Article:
Dear Diary: 3 Bossology Truths

I can tell you one thing for certain, I was not cut from the boss cloth. But it has taken me quite a while to understand and shift my perspective into wearing the employer hat. I am, or was that person who acted on the immediate assumption that I was correct, sometimes later to realize that i was wrong, blind, naïve–whatever. And sometimes, only to realize that I was right, but the only person in the room with all the information to draw that conclusion. Moments of enlightenment were often a realization leading to the resolution: shift or stay my choice. And most times, right or wrong that realization lead to a lonley place, and frankly, deeply sucked.

To come clean, I hate the word boss. I see the benefit of the pecking order, but I do not like enforcing one. I like the ideology of the round table. I like giving a person a challenge and an opportunity. I live for when it works. I loathe the necessary actions when it does not. Mostly because I understand that we, my employed and I, will approach the same situation with very different perspectives, and while I understand an employee’s perspective, I also know they have no basis to understand the boss’ perspective and responsibility to a bigger picture. Some of them will get it later. Some will never. This is the plight of a boss. I still struggle to make peace with that. There is an art to this role. I am fortunate to have the opportunity to master it. I hope I do someday.

Fellow leaders in the workplace, this is for you. A truth cocktail with a splash of humor. Those who aren’t there yet, please take my advice before you listen to that offended inner voice, and feel the need to stand defiant–certainly blighted. Have some perspective: a) less of what you think is about you is actually about you; and b) even if it is, so what? Learn something for when you are boss. Trust me, wearing the pants of the office isn’t always the bed of roses you think is will be.

Bossology Truth No. 1
Cliches are founded in reality

You can lead a horse to water, but you can’t make him drink.
{  Boss
Here is the information / aka water.
Here is an explanation / how to drink the water.
Here are resources you can use / directions to the water
Here is the due date / how long you have to drink the water
Do you understand the assignment? / know where the water is?
{ employee  }
Yes. And I am very excited about the opportunity / thirsty.

…due date…

{  Boss  }
How was the water?
{ employee  }
Great. Really good. Actually I wasn’t sure exactly where the water was so I started making a list of where I thought the water might be but I didn’t make any decisions about actually finding the water. I also thought you would be better at finding the water and actually drinking it. I thought you maybe should bring me some water first. Then I will have a better idea of what the water tastes like, and if I should actually go get the water for myself. I am definitely thirsty though. Could I have a sip of your water?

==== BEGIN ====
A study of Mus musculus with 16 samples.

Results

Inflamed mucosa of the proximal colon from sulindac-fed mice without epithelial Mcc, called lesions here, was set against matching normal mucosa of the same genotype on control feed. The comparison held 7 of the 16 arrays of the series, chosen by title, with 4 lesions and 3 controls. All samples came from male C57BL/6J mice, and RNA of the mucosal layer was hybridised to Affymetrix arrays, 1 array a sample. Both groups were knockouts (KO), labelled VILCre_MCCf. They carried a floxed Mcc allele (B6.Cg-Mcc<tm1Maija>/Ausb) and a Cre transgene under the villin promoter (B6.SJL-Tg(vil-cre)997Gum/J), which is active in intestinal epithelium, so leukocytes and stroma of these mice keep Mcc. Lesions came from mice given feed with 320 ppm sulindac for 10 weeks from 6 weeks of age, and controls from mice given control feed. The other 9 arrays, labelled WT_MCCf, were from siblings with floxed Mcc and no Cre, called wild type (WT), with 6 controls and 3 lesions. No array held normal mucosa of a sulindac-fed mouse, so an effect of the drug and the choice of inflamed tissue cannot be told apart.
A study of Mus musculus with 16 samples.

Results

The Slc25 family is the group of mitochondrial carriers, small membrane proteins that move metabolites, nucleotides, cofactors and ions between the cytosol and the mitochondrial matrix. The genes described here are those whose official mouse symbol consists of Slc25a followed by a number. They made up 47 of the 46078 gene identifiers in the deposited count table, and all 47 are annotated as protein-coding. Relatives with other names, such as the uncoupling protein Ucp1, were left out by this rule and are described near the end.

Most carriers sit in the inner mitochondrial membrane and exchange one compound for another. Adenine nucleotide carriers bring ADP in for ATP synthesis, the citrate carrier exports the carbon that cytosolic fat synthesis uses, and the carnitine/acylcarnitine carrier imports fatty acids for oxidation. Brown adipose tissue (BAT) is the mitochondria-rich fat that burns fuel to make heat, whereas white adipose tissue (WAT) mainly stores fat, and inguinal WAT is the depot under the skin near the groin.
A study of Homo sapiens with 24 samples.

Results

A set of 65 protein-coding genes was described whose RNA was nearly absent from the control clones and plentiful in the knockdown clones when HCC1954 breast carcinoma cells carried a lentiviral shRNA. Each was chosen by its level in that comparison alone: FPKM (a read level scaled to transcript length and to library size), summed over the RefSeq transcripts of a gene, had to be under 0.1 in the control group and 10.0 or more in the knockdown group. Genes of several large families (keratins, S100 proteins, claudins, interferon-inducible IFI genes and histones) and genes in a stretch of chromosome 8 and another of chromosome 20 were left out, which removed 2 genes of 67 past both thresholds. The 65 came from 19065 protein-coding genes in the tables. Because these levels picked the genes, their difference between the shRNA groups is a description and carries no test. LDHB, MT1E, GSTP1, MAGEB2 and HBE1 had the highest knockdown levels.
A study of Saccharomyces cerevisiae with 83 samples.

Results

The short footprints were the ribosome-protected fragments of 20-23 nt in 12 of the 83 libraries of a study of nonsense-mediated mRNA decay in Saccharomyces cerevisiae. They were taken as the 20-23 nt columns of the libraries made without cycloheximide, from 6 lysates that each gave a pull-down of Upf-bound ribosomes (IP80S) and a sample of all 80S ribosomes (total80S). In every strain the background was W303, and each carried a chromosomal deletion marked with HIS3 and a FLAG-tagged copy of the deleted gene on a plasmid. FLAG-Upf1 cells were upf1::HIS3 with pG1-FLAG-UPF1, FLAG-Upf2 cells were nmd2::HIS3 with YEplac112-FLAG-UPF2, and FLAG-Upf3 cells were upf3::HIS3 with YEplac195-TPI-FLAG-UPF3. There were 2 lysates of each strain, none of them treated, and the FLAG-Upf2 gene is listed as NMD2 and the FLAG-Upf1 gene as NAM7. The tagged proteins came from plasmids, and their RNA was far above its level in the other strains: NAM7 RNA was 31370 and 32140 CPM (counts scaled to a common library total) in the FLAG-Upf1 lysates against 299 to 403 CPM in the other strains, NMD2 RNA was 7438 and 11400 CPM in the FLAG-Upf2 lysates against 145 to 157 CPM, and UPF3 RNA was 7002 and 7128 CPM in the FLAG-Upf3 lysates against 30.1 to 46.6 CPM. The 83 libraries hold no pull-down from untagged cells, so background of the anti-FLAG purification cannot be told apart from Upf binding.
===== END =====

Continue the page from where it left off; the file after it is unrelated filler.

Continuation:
Bossology Truth No. 2
A lack of acceptance of reality on your part
does not constitute a need of further explanation on my part.

This one was hard for me. To be transparent, it still is. I always want to explain myself for 2 reasons. One, I have usually thought, rethought, ironed out, changed perspective–just to be sure–and re-analyzed most decisions I make. Its a disease, really. If I enforce a decision, I guarantee that is the case. I’m not claiming to have made the best, right decisions, but I am claiming consideration and usually diligent research before enforcing it. The second, is I simply like to be liked. Which is been my Achilles heel more than once. So I am learning. Trying not to swing too far the other direction, which I am confident I will be accused of–an disliked for.

Bossology Truth No. 3
What you think I should know I probably don’t know. What you don’t want me to know I most likely know. What you think I should notice I have most certainly ignored. What you thought I didn’t notice I have noted in your employee file.

The amount of work-related information the boss has to mentally and physically file about each employee, situation, project and opportunity is mind numbing. I have seen the look of astonishment when news is delivered, good or bad, and I have a less than anticipated reaction. If you have been on the receiving end of that un-awed look–accept my sincere apologies now. I probably already knew, had chosen not to know, couldn’t tell you I knew, or wished I didn’t know and too far into the process of problem solving to discuss said news. But if the news was current-event related or about the latest episode of the favored TV show–I really was genuinely clueless.

Are you a boss? I would love to hear from you. Are you finding humor among the stress? What are you learning?